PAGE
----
Former National Security Agency chief Michael Hayden on Monday downplayed the possibility that the Obama administration might offer a plea bargain to Edward Snowden.
He made the comments at a lecture at Oxford University, just a few weeks after Attorney General Eric Holder suggested he’d be open to having a conversation with Snowden.
"There have been arrangements, but I do not think there is a lot of enthusiasm inside the US for that kind of deal [in the case of Snowden]," Hayden said, according to The Guardian newspaper.
Hayden, who has defended the NSA’s programs, said at the lecture that President Obama’s proposed reforms are limited and cosmetic, allowing the intelligence agencies “a pretty big box” to continue collecting information.
"I guess what I am saying is this president, who most people view as being quite different than his predecessor, doubled down on a program being done under his predecessor. He gave the American intelligence community a pretty big box," Hayden said.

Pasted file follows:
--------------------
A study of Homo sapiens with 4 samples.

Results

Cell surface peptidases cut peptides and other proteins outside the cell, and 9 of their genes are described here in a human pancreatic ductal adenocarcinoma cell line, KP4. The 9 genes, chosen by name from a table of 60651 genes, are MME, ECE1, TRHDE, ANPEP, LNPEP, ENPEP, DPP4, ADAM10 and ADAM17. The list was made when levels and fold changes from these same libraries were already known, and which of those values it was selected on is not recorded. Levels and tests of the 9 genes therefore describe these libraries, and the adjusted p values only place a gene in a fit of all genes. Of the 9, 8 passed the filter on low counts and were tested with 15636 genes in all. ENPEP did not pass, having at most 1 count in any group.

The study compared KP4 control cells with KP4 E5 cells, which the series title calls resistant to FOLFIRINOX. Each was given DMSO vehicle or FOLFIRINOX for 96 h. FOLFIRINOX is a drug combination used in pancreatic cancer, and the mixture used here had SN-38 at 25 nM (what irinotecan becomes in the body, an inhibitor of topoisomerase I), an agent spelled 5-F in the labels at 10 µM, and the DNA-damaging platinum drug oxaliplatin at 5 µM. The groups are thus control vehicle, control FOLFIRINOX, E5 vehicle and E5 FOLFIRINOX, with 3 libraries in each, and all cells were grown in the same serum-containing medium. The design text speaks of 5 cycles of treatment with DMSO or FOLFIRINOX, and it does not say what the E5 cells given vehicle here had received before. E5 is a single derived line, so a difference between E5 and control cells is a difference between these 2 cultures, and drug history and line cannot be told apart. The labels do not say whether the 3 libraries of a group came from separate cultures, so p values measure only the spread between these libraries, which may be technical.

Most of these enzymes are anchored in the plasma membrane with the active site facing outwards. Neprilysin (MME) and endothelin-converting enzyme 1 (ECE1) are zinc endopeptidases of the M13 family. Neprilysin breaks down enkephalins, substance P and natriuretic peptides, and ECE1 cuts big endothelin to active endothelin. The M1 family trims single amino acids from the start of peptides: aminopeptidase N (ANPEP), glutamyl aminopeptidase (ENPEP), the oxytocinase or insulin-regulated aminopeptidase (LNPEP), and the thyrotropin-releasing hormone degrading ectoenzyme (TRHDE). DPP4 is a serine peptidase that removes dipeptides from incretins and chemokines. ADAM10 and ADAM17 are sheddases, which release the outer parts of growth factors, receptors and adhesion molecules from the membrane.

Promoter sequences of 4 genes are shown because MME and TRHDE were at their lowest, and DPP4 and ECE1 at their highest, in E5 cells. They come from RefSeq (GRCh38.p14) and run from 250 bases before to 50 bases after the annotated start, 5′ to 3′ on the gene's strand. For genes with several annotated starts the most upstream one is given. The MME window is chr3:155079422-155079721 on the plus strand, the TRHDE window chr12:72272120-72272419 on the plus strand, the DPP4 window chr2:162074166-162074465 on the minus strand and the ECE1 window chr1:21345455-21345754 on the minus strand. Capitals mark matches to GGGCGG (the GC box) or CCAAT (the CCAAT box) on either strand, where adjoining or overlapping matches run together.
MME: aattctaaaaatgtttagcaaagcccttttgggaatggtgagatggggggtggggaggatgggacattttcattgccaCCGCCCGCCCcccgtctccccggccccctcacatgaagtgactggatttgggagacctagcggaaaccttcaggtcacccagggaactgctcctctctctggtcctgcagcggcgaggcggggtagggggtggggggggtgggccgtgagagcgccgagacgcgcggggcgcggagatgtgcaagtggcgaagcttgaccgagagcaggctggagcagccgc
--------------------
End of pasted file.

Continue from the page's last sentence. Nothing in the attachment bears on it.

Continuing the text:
"The president is essentially trading some restraint, some oversight, in order to keep on doing fundamentally what he has been doing."
He also accused newspapers like The Guardian, The Washington Post and Der Spiegel of hyping the issues, the report notes.
"I freely admit that what these writers and writers like them have done has accelerated a necessary and frankly inevitable discussion.”
Hayden ran the NSA from 1999-2004 and now works as a principal at security consulting firm The Chertoff Group.